Tuesday, September 4, 2012

You Have No Power Here, China Investment Corp

I realize I'm a bit late to the game on this (real life intervened, as it so often does), but in his speech at the Tampa convention last week, Rob Portman threw out a doozy of a line:
"Take trade with China. China manipulates its currency, giving it an unfair trade advantage. So why doesn't the President do something about it? I'll tell you one reason, President Obama could not run up his record trillion dollar deficits if the Chinese did not buy our bonds to finance them."
Let's take this claim from the top. First of all, let's look at U.S. borrowing from abroad over  the past several years. As Paul Krugman notes, it is, in fact, way down:

You'll note that the scale on the y-axis is negative. In any case, the reason borrowing from abroad is way down is because the private sector in the U.S. is paying down the massive amounts of debt it accrued in the 2000s. What do people do when they save more and spend less? Well, they buy assets with their savings. Assets like United States Treasury Bills. So most of our debt right now is being financed not by China, but by U.S. citizens saving more of their money.

Now then, back to the whole "currency manipulation" business. Rob Portman is right about one thing: we should have done something about China's currency manipulation. It is, however, a bit late for that, since China hasn't manipulated its currency in over a year. But humor me for a few minutes and assume that they'll start doing it again. I suppose we'd need to actually know what currency manipulation entails first, before going into more detail, so here we go. Exchange rates are determined on the foreign exchange markets. Basically, what China does to keep its currency cheaper in terms of U.S. dollars is that it buys lots and lots of dollar-denominated assets. As such, demand for these assets, and thus the currency they are denominated in, rises, which drives the value of that currency upwards. As a result of this, the Chinese Renminbi drops in value, while the U.S. dollar strengthens, comparatively.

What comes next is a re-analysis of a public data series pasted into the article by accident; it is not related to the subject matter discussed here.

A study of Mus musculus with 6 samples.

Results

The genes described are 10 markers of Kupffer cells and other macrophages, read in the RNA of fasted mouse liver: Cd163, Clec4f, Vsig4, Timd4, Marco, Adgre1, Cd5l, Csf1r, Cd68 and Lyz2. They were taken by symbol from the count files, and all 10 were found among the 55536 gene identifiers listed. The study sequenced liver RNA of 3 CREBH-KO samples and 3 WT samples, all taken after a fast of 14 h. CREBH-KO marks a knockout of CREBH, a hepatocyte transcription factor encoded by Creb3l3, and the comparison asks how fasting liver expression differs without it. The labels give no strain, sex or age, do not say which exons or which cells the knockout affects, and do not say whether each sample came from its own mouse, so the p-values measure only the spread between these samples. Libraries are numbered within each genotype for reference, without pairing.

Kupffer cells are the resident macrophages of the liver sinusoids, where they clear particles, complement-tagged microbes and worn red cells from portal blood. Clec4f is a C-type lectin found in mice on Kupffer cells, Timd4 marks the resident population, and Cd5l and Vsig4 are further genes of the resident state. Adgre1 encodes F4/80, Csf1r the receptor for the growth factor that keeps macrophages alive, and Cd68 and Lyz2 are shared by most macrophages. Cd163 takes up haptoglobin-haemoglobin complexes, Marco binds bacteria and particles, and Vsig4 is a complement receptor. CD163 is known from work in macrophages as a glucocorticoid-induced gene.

All of this brings me back to the oft-uttered conventional wisdom that "China lending trillions to the U.S. gives them power over us!!" No, not right now it doesn't. First of all, they're parking tons of their money in assets that give them virtually nothing back. Kind of a poor decision on their part, but there it is. Anyways, the bigger reason is this: all that would happen if China stopped buying our treasury bills and instead bought other currencies is that the dollar would become weaker. And that would be a good thing. 

Think of it this way: if the dollar is weaker on the world stage, American-made goods (which are bought in dollars!) are relatively cheaper than, say, Chinese goods (or European, or whatever). So the end result would be that, in having a weaker dollar, we'd sell more goods overseas via trade. Thus, firms in the U.S. would see increased demand for their goods and would produce more, hire more, etc, etc. In effect, this would be a form of economic stimulus.

Basically where the conventional wisdom sort of goes off the rails is the part where people fear what will happen if we get "tough on China" for manipulating their currency. Most people think that we need the Chinese to finance our deficits, and by getting tough on them, they'll cut us off, making it that much more difficult for us to borrow money. But the fact is that if China dumped all of their U.S. Treasury holdings right now, they'd be doing us a huge favor. Not to mention the fact that they'd be shooting themselves in the foot.

So, in the words of Clint "Argues-With-Chairs" Eastwood, go ahead, China, make my day.